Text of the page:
First day @ AnDevCon_IV

Last week I had a great time at AnDevCon_IV. Three days filled with Android, learned interesting stuff, met some smart people, connected with old buddies and shook hands with some famous personalities in Android world.

AnDevCon 4, a four day technical conference started on Dec 4 at Burlingame, California. They had hands on workshops on day 1, including Android Bootcamp, Embedded Android and Facebook apps for Android.

The second day was kicked off by a keynote by Ethan Evans, Director of App Developer Services, Amazon. He discussed the performance and impact of HTML5 apps and also mentioned how Amazon achieved the better performance by using both HTML5 and native code in their apps. He also explained blended HTML5 used in their App store hybrid architecture. "Updates without requiring Upgrades" was the most promising feature of HTML5, he said.

After his keynote, the actual classes began. It was a daunting task to choose between 70+ classes and many interesting topics were cross listed which made the selection even tougher. 'Hacking APKs for fun and profit (mostly fun)' sounded fun but I instead headed to "Dive into Android Fragments" session by Donn Felker. After he explained the basics of Fragments and fragment transactions, he talked about RoboGuice. It's a lightweight library that uses Google Guice library for dependency injection. It's not recommended for games or performance centric apps, but it does make code simpler and cleaner. He also talked about other open source projects -

  • Otto from Square - another dependency injection framework
  • ActionBarSherlock - extension to Android's support library to facilitate the use of ActionBar on all versions of Android
  • Viewpageindicator - adds pagination to Android code, especially useful when using multiple fragments or panes.
Android Bootstrap might be useful if you are planning to use above technologies, the project is built using many open source projects widely used in practice. 

Here is a link to Donn's Github project that he used to explain fragments.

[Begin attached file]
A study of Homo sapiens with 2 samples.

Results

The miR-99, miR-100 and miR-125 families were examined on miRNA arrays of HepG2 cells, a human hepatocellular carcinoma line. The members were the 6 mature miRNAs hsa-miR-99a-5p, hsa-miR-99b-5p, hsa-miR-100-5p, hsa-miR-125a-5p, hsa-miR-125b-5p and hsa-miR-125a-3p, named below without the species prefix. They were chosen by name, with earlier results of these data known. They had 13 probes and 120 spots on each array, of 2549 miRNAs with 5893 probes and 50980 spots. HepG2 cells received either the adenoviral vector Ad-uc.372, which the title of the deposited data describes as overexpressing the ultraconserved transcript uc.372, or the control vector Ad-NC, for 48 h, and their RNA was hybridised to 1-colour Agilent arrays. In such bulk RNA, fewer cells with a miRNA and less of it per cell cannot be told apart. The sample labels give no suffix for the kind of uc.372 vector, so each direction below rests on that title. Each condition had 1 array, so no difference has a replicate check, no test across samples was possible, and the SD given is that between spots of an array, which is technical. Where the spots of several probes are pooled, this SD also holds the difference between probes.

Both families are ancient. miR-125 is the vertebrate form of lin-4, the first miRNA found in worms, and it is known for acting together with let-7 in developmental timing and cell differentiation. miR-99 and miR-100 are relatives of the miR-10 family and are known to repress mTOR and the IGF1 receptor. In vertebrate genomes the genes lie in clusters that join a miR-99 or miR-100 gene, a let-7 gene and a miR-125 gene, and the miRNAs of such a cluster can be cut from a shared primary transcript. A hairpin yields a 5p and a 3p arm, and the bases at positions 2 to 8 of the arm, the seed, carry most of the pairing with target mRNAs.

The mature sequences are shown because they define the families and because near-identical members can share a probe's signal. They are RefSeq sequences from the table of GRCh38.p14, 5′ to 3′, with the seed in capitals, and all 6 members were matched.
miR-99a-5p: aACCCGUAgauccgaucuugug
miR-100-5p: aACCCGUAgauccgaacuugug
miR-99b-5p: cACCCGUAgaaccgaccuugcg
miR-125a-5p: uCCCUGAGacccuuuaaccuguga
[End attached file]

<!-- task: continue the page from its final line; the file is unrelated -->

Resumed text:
Mike Wolfson presented two part series on Android Developer Tools. Google IO videos on this topics are much more informative so I will skip my notes on this session except for one piece of information.

HAXM - Intel® Hardware Accelerated Execution Manager  It's hardware assisted hypervisor, can greatly reduce the time required to boot an android image on an emulator. You need to download the driver for haxm and also Intel Atom image to use with the emulator. Currently it supports only ICS and JB images.
He also has a repo of all different types of AVDs, which can come handy during testing.

Marko Gargenta presented 'Architecting Android Apps' where he explained basic building blocks - activities, services, providers and receivers, as well as intents that glue them all together.

The post lunch sessions were the most engaging ones and were packed with useful information, so keeping myself awake was not hard.

Alex Gargenta presented 'Deep Dive into IPC/Binder Framework'. You should check out this video. He did a great job explaining binder concept, starting with the kernel level binder driver all the way up to application level code including discovery mechanisms, threading context, security implications etc.




I concluded Day 1 with "Mastering Android Touch system" session presented by Dave Smith. He provided in-depth look at how Android passes touch events between view hierarchies, why should you care about ACTION_DOWN even if you are interested only in ACTION_UP or ACTION_MOVE, what it means to handle a particular event etc. Code examples will make the theory simpler - here is the project he used.

Oh btw, driving on 101 sucks and it doesn't matter which direction you are travelling or if you are in hov lane or not, it sucks!